Hunter River White, Odourless and the pickling onion Barletta can be planted as well as cabbages, broccoli, Brussels sprouts , leeks, kale, snow peas and cauliflowers. Iceberg lettuces excel in the cooler months.
Patio roses are larger and more vigorous than miniatures with masses of single or double flowers in repeat flushes. Whether planted in containers or as standards lining a pathway they always impress.
Hostas and hellebores with their decorative foliage look great planted beneath large trees.
Over crowded lilium clumps can be lifted and divided. Bulbs must be planted immediately or stored in a plastic zip lock bag containing damp sand or peat moss and placed in the crisper of the refrigerator until planting.
Primula malacoides loves the cool, shorter days of winter which makes it a popular plant during late winter and spring. Great for shady spots or those with dappled morning sun primulas combine beautifully with other small annuals and spring bulbs and will happily produce masses of dainty flowers in white through pink to magenta.
Australian plant breeders have worked for many years to improve the old small flowered, straggly, pale lavender type resulting in a number of beautiful new varieties.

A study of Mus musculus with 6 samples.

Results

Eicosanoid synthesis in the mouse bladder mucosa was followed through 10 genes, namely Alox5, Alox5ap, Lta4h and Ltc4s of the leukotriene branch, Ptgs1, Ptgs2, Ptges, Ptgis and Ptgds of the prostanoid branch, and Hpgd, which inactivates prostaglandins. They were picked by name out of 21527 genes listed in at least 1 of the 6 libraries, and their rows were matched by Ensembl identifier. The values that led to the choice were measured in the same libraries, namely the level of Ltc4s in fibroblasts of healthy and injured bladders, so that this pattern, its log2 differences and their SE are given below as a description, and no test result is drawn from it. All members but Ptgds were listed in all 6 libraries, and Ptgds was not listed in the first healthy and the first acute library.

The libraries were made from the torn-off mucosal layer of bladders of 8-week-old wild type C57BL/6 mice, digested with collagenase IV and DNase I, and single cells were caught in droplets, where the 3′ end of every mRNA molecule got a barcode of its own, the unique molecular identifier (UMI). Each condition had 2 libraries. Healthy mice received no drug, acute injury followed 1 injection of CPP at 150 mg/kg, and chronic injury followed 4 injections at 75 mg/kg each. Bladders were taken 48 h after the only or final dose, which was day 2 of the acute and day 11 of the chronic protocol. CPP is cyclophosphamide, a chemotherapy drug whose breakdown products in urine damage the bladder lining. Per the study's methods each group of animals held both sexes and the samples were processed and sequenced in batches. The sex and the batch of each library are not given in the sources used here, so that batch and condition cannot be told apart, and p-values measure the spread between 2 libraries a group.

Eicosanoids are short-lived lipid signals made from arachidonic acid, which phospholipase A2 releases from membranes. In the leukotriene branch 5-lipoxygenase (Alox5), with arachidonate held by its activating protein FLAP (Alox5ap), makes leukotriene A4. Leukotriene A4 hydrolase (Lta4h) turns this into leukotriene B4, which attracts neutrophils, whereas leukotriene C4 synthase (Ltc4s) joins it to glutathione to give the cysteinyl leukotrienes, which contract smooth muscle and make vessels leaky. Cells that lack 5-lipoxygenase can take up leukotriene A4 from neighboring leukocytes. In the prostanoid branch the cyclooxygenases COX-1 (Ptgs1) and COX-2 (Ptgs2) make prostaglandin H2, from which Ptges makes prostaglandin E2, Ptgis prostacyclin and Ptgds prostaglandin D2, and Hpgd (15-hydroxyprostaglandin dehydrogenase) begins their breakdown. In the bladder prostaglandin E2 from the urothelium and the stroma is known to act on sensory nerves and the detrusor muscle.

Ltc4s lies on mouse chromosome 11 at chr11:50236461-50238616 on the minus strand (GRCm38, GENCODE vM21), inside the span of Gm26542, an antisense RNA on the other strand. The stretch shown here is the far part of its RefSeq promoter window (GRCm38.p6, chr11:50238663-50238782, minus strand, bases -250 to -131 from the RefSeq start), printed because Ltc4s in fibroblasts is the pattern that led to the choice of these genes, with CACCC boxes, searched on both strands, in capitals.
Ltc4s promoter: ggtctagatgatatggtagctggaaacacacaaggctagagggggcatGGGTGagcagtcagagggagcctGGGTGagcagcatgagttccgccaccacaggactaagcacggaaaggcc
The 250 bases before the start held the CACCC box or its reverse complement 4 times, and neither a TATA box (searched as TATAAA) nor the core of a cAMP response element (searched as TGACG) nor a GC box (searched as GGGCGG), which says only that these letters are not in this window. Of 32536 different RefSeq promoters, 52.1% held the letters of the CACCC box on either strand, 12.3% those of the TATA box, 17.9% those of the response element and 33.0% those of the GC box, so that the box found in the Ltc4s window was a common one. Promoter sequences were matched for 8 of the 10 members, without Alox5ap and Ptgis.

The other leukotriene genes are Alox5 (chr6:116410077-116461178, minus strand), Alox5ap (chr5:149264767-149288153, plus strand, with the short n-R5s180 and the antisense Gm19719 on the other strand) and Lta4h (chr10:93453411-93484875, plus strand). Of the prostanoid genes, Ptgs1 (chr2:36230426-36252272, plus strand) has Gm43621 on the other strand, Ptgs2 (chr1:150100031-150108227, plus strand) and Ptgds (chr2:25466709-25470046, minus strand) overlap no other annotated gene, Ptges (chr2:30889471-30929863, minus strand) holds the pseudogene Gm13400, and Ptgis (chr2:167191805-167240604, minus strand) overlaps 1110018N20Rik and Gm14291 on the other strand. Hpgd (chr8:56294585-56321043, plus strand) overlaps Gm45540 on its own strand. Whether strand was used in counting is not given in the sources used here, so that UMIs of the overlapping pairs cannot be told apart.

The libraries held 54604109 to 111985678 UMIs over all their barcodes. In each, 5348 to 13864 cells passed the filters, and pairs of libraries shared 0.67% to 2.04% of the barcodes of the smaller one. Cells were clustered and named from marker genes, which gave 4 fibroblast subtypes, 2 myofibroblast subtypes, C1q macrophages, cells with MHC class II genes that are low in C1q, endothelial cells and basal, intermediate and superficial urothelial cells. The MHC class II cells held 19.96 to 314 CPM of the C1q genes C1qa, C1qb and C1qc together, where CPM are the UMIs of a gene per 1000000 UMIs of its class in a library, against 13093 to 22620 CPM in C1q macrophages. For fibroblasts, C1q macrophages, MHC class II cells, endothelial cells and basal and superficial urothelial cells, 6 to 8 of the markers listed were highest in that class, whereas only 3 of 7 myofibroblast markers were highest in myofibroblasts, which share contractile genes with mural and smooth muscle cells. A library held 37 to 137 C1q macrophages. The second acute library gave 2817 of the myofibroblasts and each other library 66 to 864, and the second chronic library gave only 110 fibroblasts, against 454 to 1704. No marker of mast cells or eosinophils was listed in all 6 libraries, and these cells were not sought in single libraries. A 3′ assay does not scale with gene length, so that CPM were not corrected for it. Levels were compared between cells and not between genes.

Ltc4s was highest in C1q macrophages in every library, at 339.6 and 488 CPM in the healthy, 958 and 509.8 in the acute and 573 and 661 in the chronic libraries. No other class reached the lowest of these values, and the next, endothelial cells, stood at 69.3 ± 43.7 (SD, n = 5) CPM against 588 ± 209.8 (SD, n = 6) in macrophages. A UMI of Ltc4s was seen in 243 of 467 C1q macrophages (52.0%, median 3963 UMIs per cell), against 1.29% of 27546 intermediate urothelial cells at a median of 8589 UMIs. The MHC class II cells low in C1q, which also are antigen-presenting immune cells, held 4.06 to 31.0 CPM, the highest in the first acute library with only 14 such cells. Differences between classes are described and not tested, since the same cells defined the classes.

Echinopsis is a South American plant with shiny, green leaves and funnel shaped white to pink flowers and is very popular due of its hardiness.
This beautiful cacti is well suited for container growing and can often be seen positioned on a window ledge. Plants requite plenty of water during the summer months but should be kept fairly dry in winter.
The Japanese iris has been grown in Japan for over 500 where they are usually grown in wet areas which enhances their blooming abilities.
These moisture loving irises have large, ruffled flowers in white, pink and purple in varying patterns and are ideally planted near water features. They like a humus rich, neutral to acidic soil.
The condition known as hollow heart in potatoes is seen as an irregular-shaped hole in the centre of the potato. This empty area usually has a brown discoloration and is not seen until the potato is cut in half.
Hollow heart is caused when environmental conditions fluctuate rapidly during tuber development. Inconsistent watering, large fertiliser applications or rapid fluctuations in soil temperatures are the main causes.
To minimise this problem implement a consistent watering regime, apply a deep layer of mulch and apply fertilisers in several small applications.